LOCKPORT – The 14-year-old boy who pleaded guilty in the massive HTI Recycling arson fire last summer – the largest blaze in Lockport history – was placed on probation for one year by a Family Court judge.
Judge John F. Batt on Tuesday ordered the juvenile defendant to stay in inpatient treatment at the Western New York Children's Psychiatric Center in West Seneca until his doctor discharges him.
"With an order of probation supervision, I can make sure that happens," Batt said.
The teenager has been in inpatient psychiatric treatment at Erie County Medical Center on and off since October. His last commitment there came after he attempted suicide March 31 by overdosing on medication. He was not in court Tuesday.
After his release from inpatient treatment, the boy must continue with outpatient counseling for as long as his doctor mandates, the judge said.
In addition to his treatment, the teenager also must attend "any reasonable education opportunities offered to him to complete his education," Batt said.
The tire recycling plant burned Aug. 10-13 and killed the defendant's best friend, Joseph Phillips, 14, who was trapped in the burning building. The defendant, who escaped, said his last view of Phillips was seeing him trying to put out the fire with his shirt.
The defendant, who was 13 at the time of the blaze, told police that he and Phillips went to an abandoned office building on the HTI property on the evening of Aug. 10. Phillips had a lighter and intended to start fires, according to the defendant, who was charged as an accomplice to Phillips.
The teenager pleaded guilty March 16 to felony-level counts of arson and burglary.
Ann Phillips, the dead boy's mother, brought a framed photo of her son to court Tuesday. She did not object to the outcome.
"I'm glad he's getting the help he needs," Phillips said. "I honestly don't have anything against the kid."
Defense attorney A. Angelo DiMillo, who fought against sending the defendant to a state detention facility, called the judge's ruling "a very thoughtful decision."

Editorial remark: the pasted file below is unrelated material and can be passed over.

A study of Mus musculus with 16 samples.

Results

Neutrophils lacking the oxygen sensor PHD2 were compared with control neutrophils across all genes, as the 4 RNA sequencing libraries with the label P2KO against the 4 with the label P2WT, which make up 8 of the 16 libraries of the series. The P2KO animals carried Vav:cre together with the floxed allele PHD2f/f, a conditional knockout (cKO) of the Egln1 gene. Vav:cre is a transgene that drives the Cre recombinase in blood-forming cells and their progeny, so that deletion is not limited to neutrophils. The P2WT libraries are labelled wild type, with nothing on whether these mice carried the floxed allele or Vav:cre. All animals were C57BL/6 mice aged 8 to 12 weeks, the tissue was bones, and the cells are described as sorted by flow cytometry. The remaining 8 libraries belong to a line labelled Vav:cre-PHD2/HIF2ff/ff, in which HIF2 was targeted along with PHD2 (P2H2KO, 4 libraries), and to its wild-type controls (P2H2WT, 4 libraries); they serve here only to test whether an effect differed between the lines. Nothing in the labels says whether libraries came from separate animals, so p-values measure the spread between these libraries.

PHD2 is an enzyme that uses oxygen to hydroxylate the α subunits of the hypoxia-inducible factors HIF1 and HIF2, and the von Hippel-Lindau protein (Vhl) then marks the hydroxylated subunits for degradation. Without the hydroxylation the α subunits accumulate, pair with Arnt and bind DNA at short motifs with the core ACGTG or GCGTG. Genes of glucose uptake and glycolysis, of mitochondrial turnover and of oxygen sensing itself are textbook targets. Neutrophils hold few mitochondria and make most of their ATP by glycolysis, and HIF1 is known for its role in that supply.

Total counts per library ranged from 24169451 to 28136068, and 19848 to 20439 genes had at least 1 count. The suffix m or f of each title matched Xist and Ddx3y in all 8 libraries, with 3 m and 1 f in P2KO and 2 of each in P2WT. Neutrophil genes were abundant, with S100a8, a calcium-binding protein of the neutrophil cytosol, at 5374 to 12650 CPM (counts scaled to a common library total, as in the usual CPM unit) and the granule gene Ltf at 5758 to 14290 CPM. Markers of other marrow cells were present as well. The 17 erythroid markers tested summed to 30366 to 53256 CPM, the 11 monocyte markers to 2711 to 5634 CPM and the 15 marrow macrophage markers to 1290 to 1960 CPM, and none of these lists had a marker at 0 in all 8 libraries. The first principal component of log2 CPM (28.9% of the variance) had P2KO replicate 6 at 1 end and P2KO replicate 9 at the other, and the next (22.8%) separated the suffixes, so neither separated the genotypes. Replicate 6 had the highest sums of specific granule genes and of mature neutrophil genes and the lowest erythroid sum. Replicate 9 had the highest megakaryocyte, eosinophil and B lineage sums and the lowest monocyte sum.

"I'm pleased as can be that this child is on probation, getting appropriate help," DiMillo said.
"My opinion about it doesn't matter," said the prosecutor, Assistant County Attorney John S. Sansone. "It's really how the family feels."
At the start of Tuesday's court session, DiMillo read aloud parts of a letter to Batt by Lockport Detective Lt. Todd A. Chenez, who investigated the case.
"He will not get the help he needs locked up in a detention center," Chenez wrote. "If, however, (the boy) refuses to get the help he needs, I recommend that he be placed in detention for the maximum period of time."
The maximum would have been 18 months, a penalty the defendant still risks if he violates probation. In addition to the psychiatric treatment, the boy must report regularly to a probation officer. If he's in a treatment facility, the probation officer must come to him, Batt ordered.
According to previous testimony, the boys entered the building by wriggling under a fence and climbing a ladder. A small fire was set in boxes and papers they found on the floor, but the boys put that one out. Then, according to the defendant, Phillips started another fire, which rapidly spread up the walls of the building.
Minutes after the defendant fled, he received a desperate cellphone call from Phillips, which went to voicemail, in which Phillips shouted obscenities about being trapped.
The defendant called back seven times, with one call, whose contents have not been revealed, lasting almost two minutes. Other calls lasted only a few seconds, apparently indicating Phillips didn't answer.
Batt also imposed the maximum restitution payment to HTI allowed by law, which is $1,500.
Chenez's letter concluded, "This tragic event took one boy's life. We should not let it take another."